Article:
Forty-one riders have been subjected to targeted drug tests at the Volta a Portugal in what is believed to be part of premeditated operation.
Portuguese newspaper Record reported that 41 riders from six teams were selected to provide urine samples and have their biological passports checked immediately after the third stage of the race from Serta to Oliveira do Hospital.
It has been reported that this formed part of a targeted operation involving authorities in Spain and Portugal.
All six teams that had riders tested - RO-Boavista, Sporting-Tavira, W52-FC Porto, Aviveludo-Louletano, Efapel and Vito-Feirense-BlackJack - are registered in Portugal.
The Volta a Portugal is a two-week stage race which forms part of the International Cycling Union's second-tier Europe Tour.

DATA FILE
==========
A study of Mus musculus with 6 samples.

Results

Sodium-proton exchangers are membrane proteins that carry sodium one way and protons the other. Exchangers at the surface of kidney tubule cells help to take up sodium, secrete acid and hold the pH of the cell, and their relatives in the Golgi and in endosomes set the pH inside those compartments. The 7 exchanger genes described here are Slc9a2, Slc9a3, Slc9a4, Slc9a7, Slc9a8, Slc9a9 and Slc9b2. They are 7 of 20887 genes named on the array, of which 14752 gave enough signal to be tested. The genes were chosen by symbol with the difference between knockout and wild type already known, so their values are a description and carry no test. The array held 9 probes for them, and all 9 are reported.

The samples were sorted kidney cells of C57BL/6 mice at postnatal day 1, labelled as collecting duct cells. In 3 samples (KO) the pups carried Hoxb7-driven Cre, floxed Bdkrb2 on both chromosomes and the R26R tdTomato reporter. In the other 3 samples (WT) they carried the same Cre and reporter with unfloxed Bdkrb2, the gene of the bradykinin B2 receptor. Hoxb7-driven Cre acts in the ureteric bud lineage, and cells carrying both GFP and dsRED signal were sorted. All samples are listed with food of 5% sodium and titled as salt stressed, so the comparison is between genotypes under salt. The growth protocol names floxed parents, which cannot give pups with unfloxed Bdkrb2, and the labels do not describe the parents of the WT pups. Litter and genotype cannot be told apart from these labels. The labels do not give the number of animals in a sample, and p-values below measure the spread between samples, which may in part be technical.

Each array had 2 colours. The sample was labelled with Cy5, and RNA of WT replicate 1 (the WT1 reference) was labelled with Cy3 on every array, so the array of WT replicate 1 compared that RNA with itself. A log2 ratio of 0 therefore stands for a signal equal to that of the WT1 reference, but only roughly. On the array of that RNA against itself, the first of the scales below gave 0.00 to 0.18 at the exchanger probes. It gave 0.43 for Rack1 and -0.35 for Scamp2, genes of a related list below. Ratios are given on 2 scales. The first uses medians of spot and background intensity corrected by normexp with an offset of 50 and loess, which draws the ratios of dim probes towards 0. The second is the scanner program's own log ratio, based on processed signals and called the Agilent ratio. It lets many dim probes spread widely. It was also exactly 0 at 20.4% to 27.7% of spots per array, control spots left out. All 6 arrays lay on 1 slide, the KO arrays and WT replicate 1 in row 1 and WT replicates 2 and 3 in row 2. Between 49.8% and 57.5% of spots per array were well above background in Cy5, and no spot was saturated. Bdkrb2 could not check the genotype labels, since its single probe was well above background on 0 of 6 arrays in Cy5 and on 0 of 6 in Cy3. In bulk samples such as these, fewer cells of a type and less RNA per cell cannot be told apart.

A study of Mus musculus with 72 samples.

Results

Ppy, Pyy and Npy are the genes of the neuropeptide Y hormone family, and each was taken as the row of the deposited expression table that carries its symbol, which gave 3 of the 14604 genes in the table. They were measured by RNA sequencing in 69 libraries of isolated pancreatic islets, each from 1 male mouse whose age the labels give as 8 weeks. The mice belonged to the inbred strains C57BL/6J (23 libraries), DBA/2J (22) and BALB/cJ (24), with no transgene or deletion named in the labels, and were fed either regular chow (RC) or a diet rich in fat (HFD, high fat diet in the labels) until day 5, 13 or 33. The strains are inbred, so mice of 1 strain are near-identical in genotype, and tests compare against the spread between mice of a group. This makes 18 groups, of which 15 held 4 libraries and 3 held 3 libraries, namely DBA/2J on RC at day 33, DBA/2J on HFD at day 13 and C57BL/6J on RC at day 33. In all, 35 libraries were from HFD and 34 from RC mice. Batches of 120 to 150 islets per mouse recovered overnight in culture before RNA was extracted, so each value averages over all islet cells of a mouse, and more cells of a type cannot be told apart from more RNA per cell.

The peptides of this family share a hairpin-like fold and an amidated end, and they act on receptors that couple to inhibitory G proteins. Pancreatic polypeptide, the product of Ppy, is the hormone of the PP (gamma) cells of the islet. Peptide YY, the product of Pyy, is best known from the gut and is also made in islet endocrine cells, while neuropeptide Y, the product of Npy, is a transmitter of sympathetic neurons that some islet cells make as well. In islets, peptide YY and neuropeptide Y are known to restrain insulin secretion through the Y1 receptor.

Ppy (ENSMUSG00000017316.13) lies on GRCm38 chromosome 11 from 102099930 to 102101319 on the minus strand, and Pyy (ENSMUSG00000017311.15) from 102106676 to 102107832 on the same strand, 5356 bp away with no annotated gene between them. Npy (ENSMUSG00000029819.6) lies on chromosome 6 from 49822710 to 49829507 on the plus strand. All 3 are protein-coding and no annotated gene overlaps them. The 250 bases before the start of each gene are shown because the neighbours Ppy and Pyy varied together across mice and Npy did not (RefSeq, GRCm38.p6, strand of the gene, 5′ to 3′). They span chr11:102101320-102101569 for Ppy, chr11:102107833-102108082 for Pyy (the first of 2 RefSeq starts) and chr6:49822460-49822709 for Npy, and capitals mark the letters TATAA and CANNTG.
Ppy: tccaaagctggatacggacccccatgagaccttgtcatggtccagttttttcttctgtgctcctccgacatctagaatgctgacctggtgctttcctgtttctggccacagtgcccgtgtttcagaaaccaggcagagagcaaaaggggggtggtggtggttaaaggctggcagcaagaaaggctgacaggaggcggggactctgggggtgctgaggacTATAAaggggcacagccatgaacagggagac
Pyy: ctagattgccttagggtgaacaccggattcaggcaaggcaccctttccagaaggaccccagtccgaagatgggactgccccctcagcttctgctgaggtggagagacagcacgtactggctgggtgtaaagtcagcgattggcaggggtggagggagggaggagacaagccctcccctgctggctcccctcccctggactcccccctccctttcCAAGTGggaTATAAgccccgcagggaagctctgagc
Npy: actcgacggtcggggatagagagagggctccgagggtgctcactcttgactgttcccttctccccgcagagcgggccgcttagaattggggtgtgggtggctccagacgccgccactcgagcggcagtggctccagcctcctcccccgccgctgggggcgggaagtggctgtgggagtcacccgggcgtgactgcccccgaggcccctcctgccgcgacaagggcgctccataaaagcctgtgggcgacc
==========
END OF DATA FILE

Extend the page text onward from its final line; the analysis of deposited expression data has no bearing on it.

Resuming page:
This year's event has also been affected by soaring temperature of comfortably over 40 degrees on many of the stages.
Colombian refugee rider Ramiro Rincon Diaz and Brazilian João Marcelo Pereira Gaspar each tested positive for CERA (Continuous Erythropoietin Receptor Activator) at the 2016 edition.
Anti-doping authorities have stepped up their effort to conduct large-scale, intelligence-led operations at smaller men's events.
In December 2017, 12 riders were informed of failed tests for samples collected at the Vuelta Ciclista Internacional Costa Rica.
Eight riders had also registered positive tests at the Vuelta a Colombia the previous month.
It is not yet clear what prompted the mass tests in Portugal and whether any failed results were found.